Sunday, February 5, 2017

An Economic Thought Experiment (in a fantasy world)



Go to the grocery store - either in reality or in your imagination.  Go to the meat counter.  Steaks - $10, beef roast or ribs $5, ground beef $4.  Pork roast or ribs $2, chicken $1.  Why?  Because it is more expensive to raise beef cattle than it is to raise chickens or hogs, and typically beef is a more preferred (demanded) product.  So costs and taste.

Now go to the deli counter.  Roast beef $9, turkey, $7, chicken $7, ham $6.  Why?  If raw chicken is $1 and raw pork is $2, then why is ham $6 and roast turkey/chicken $7?  And if a beef roast is $5, while chicken is $1, then why is deli sliced chicken $7 to roast beef’s $9?  You could argue that there must be more labor involved in getting the chicken ready for lunch meat or perhaps more risk, but I don’t buy that (no pun intended).

My theory on economics is this:  perception equals reality.  What do I mean?  Everybody knows that beef is more expensive than chicken, and you see that at the meat counter.  But once it becomes “lunch meat” or cold cuts or whatever you want to call it, now it becomes far more homogeneous, more “alike” or basically the same.  When shopping for sandwich meats, people don’t think along the lines of beef vs. turkey, they perceive these products to be roughly equal in value.  I don’t, but I’m really cheap!

Why do you even care?  Because if you read Grain Into Gold, you will see that beef runs about 5cc (copper coins) a pound and so does wheat flour.  With pork at 2.5cc p/ pound, it is cheaper to feed your family on roast pork than on bread and water.  Really?  Yes.  Why?

I never intended to make beef and flour equal.  I studied the nonsense out of medieval farming techniques and tried to do some realistic assumptions.  Now, I had to take into account game worlds as I know them.  In most fantasy game worlds, the peasants may be poor, but they are not starving to death on a regular basis.  Despite many of our views of Earth’s commoners at that rough time, I cannot believe that they were starving to death either.  Otherwise there wouldn’t have been so many people to die from plagues.  What I did was assume that different products of an acre of land would be relatively equal in value.  So if your steer  ate two acres worth of hay, then the beef produced should be roughly equal to two acres of wheat.  And this is how it worked out.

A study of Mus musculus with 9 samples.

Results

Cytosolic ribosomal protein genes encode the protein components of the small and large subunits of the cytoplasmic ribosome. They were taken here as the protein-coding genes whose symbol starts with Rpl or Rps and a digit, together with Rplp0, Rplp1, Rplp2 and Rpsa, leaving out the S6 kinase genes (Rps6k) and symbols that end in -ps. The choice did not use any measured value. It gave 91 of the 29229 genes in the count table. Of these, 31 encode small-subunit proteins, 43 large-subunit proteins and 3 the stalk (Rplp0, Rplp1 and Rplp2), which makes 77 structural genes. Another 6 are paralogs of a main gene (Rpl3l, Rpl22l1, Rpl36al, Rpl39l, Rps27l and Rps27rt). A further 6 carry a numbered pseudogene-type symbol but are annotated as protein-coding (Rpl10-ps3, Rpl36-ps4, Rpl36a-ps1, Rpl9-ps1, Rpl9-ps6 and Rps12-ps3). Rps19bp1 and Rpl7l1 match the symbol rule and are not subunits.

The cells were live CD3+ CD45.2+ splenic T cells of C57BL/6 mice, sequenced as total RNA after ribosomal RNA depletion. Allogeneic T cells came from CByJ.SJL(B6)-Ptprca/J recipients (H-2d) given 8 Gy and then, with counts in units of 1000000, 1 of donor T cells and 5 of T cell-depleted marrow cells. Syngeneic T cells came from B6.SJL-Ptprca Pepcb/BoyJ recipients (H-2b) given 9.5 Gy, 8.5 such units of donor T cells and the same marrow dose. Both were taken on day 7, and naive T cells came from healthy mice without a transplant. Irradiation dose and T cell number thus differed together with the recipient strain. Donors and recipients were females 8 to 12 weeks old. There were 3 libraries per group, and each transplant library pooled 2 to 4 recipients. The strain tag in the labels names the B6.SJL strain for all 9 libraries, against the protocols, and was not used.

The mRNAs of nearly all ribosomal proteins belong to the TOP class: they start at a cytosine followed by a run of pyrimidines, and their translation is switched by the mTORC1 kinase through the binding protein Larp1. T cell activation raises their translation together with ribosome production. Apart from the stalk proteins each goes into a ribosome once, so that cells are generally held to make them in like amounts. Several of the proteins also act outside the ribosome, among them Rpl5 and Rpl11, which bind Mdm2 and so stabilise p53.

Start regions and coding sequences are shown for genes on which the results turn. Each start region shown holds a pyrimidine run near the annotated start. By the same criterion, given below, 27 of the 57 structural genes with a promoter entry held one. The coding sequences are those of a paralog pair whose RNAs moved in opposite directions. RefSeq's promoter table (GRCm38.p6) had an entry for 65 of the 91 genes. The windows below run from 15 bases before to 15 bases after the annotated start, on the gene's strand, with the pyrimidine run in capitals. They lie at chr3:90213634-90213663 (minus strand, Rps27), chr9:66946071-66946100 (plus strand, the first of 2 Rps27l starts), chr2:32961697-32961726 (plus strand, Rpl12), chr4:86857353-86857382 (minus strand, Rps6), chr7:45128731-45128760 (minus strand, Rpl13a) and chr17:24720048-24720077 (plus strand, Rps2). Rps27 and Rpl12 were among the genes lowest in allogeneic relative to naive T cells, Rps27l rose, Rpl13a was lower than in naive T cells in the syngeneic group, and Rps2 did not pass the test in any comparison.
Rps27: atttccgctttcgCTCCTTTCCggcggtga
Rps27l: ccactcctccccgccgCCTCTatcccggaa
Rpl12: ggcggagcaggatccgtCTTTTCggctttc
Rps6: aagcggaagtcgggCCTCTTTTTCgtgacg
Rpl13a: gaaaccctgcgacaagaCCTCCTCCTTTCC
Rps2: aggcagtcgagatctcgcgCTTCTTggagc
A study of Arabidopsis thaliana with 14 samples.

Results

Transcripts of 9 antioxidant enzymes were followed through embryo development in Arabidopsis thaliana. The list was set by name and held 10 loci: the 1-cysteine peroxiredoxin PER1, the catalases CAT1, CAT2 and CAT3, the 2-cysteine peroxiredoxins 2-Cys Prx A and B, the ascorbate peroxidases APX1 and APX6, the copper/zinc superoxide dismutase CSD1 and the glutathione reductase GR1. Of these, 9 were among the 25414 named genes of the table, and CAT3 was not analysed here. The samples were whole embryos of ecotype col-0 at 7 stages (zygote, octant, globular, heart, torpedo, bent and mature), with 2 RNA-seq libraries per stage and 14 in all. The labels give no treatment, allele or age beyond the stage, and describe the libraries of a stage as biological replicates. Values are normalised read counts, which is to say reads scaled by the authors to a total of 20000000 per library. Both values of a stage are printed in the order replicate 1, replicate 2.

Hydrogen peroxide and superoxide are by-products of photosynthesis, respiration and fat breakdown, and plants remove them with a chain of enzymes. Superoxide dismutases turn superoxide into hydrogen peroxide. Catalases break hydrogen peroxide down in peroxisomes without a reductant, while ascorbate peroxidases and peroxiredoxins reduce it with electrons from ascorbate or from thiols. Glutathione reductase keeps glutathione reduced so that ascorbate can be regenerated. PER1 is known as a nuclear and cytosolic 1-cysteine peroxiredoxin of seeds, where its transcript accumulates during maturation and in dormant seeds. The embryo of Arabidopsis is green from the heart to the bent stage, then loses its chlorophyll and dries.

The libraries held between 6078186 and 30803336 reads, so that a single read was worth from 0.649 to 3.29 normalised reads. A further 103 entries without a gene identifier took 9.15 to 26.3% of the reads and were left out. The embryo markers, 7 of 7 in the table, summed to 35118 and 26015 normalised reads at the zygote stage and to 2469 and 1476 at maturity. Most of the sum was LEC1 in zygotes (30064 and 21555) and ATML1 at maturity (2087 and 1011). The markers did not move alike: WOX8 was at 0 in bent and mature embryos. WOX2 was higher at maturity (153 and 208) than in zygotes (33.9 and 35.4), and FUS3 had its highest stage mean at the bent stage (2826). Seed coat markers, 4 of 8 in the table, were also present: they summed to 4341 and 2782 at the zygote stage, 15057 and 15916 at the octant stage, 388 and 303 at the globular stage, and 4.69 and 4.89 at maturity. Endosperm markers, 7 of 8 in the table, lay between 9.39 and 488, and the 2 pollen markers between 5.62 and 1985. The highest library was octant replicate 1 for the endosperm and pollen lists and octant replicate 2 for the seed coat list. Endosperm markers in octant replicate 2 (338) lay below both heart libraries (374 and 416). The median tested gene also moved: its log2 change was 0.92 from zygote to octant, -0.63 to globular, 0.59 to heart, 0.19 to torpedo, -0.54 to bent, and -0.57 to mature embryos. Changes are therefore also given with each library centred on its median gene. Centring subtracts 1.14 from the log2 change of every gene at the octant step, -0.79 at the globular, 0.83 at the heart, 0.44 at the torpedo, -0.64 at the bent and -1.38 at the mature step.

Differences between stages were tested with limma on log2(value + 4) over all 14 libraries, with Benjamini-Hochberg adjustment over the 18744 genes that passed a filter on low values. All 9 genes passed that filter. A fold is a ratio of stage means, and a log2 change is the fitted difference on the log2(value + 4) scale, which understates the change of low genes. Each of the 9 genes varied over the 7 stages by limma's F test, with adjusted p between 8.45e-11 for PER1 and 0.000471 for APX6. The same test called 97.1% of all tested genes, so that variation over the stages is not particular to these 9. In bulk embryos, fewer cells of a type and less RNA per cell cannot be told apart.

Can I justify this?  Absolutely.  Fish is cheaper than beef.  Why?  Because it can be “hunted” in large quantities.  But if beef is too much more expensive than fish (it is already two and a half times as expensive), then people will stop eating beef and just eat fish.  OK, maybe not the nobles, but other folks will.  When food sources can be switched in order to lower an overall cost, guess what happens?  People switch food sources, until the two costs start to even out a bit.  This is my point about deli meats.  They tended to even out, because they can be exchanged for one another.  As long as a cheaper alternative is available, the more expense product will become cheaper.

So how do my peasants live if both meat and bread are expensive?  I have an easy answer to that:  starches!  Same book - Grain Into Gold - same idea - an acre’s production should be relatively equal in value all other things considered.  Potatoes, turnips, carrots, squash:  they are all at or below 1cc p/ pound.  What do I think my commoners eat for dinner?  Well, we’ll be getting enormously deep into that in an upcoming edition of Small Bites, but until then, I think they eat either pork sausage or chicken along with some squashes and tubers.  Not only do these starchy vegetables last reasonably long in a root cellar, but they fill you up and make you feel full.  They give you energy to work the next day.  Don’t believe me?  Look at the cafeteria at a college dorm (pretty easy for a lot of you, I think).  What do they serve?  Starches?  Why?  Because they are cheap!  Not everything has changed in the last 1,000 years.